HSS Investigators: Kimberly Fisher, Kathleen Mazor
Funding Agency: Robert Wood Johnson Foundation, Gordon and Betty Moore Foundation, and Peterson Center on Healthcare
Status: Complete

Project Overview: Patients report many benefits of access to their clinic notes (Open Notes) including increased patient activation and self-management, which are particularly important in chronic illnesses such as chronic obstructive pulmonary disease (COPD). Despite this promise and increasing numbers of patients being provided access to their clinic notes, little is known about how patients understand and react to the information in clinic notes. We conducted in-depth ‘think-aloud’ interviews with patients with COPD who had been provided a written copy of their most recent COPD-specific clinic note.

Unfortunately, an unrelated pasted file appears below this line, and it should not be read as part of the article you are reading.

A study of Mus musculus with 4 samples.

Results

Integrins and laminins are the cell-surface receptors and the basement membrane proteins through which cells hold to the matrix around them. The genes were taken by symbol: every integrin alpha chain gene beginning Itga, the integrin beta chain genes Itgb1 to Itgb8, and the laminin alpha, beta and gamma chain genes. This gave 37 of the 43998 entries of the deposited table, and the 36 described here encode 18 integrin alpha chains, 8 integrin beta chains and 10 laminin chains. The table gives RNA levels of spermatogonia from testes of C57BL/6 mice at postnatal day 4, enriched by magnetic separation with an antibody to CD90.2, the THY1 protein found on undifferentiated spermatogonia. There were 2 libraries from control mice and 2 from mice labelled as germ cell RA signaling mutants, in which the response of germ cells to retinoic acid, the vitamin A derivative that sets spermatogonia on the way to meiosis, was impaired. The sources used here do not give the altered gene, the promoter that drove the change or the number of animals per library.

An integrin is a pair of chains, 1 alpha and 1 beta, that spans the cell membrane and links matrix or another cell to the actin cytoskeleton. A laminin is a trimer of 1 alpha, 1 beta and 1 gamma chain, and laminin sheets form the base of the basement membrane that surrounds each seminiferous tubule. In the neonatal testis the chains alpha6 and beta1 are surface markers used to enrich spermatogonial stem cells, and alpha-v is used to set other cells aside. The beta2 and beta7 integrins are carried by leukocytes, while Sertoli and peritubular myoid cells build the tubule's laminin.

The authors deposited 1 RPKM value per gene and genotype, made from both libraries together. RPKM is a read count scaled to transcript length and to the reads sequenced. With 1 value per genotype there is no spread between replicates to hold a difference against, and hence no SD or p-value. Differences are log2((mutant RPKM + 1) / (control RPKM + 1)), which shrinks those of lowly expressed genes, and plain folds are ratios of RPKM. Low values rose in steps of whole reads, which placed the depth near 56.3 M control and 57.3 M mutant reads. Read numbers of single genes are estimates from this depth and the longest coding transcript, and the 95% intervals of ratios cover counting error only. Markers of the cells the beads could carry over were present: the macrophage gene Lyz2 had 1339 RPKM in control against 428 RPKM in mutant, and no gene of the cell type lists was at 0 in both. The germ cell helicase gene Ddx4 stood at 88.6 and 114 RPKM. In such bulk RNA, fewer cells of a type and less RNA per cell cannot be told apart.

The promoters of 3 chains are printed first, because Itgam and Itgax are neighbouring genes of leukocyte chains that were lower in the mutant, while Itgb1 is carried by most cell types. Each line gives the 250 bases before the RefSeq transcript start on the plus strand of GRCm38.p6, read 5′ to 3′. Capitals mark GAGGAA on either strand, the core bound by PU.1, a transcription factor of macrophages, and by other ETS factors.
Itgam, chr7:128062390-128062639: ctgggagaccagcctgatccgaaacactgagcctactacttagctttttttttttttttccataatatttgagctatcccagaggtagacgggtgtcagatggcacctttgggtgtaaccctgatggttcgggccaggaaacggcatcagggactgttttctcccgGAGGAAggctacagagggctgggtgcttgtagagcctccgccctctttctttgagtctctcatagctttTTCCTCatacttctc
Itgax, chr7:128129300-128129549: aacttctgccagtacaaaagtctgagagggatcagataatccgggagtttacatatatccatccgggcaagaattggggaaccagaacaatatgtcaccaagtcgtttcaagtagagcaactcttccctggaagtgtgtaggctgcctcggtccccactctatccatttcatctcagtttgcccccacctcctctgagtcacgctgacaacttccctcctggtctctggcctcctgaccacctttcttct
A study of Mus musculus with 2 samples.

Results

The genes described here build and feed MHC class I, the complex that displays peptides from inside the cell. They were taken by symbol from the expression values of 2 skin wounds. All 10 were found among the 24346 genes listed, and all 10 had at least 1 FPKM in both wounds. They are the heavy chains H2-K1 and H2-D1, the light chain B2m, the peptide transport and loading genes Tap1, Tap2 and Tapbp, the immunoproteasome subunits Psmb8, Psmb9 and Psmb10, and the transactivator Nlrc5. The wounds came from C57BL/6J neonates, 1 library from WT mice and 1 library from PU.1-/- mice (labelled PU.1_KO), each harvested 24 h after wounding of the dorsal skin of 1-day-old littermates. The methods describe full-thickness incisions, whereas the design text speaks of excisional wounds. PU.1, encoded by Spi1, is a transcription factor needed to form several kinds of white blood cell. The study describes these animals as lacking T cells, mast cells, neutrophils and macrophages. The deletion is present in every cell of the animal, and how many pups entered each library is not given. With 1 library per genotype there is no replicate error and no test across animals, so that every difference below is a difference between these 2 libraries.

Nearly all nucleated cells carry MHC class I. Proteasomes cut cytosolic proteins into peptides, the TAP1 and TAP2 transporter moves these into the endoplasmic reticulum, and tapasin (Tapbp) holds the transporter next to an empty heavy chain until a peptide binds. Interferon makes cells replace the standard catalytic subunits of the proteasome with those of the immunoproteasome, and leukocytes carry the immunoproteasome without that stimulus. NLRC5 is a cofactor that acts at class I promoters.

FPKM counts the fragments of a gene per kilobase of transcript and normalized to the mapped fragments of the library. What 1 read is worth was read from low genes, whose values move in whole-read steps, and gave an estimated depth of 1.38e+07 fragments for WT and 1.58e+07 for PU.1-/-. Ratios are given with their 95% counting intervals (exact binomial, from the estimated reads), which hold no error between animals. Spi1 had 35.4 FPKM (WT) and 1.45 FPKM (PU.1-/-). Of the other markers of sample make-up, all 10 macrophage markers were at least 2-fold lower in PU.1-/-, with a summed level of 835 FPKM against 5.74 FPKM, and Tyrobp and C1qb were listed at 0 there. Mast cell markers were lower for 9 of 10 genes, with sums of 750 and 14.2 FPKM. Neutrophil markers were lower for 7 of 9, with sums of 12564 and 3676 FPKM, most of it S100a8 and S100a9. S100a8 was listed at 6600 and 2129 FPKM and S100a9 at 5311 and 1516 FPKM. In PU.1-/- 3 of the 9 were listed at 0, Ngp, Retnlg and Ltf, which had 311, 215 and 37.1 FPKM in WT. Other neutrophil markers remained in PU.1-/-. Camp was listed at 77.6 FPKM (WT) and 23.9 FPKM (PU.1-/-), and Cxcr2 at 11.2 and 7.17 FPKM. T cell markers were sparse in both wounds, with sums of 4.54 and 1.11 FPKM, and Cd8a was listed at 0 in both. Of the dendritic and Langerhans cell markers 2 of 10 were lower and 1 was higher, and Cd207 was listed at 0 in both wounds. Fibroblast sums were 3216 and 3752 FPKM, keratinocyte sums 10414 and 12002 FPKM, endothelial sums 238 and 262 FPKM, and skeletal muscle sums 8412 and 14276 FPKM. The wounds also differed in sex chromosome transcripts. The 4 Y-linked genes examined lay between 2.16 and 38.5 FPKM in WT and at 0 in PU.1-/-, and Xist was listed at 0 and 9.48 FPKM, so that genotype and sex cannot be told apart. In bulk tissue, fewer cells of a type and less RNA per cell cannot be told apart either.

Main Findings: Patients reacted positively to statements in the notes suggesting the provider listened to them (“he’s got my thoughts in here, which…makes me feel good about the fact that he listened to me”), saw them as a person, and was attentive to details (“I don’t even realize that he does that.”); all of which fostered the relationship. Reading notes enabled patient self-management through motivation (“seeing it [smoking history] in black and white makes you think”). It also prompted patients to seek more health-related information and reminded them of action steps. Patients indicated notes facilitated information sharing with other providers and family members, served as a longitudinal record of care, and provided an opportunity for patients to learn details of their condition they had not gleaned from the visit (“I didn’t get all this from the doctor. I got this from reading.”) – each strengthening information exchange. Most patients reacted negatively to medical terminology, abbreviations, incorrect information, and wording that was perceived as disparaging (“he is an active smoker would’ve been fine, instead of putting abuse down there”). Sharing clinic notes with patients is a promising tool that can strengthen the patient-provider relationship and promote self-management and information exchange. As patients increasingly access their clinic notes, more research is needed to ensure notes are written in a way that optimizes communication with patients, while fulfilling other functions of clinical documentation.  Learn more here.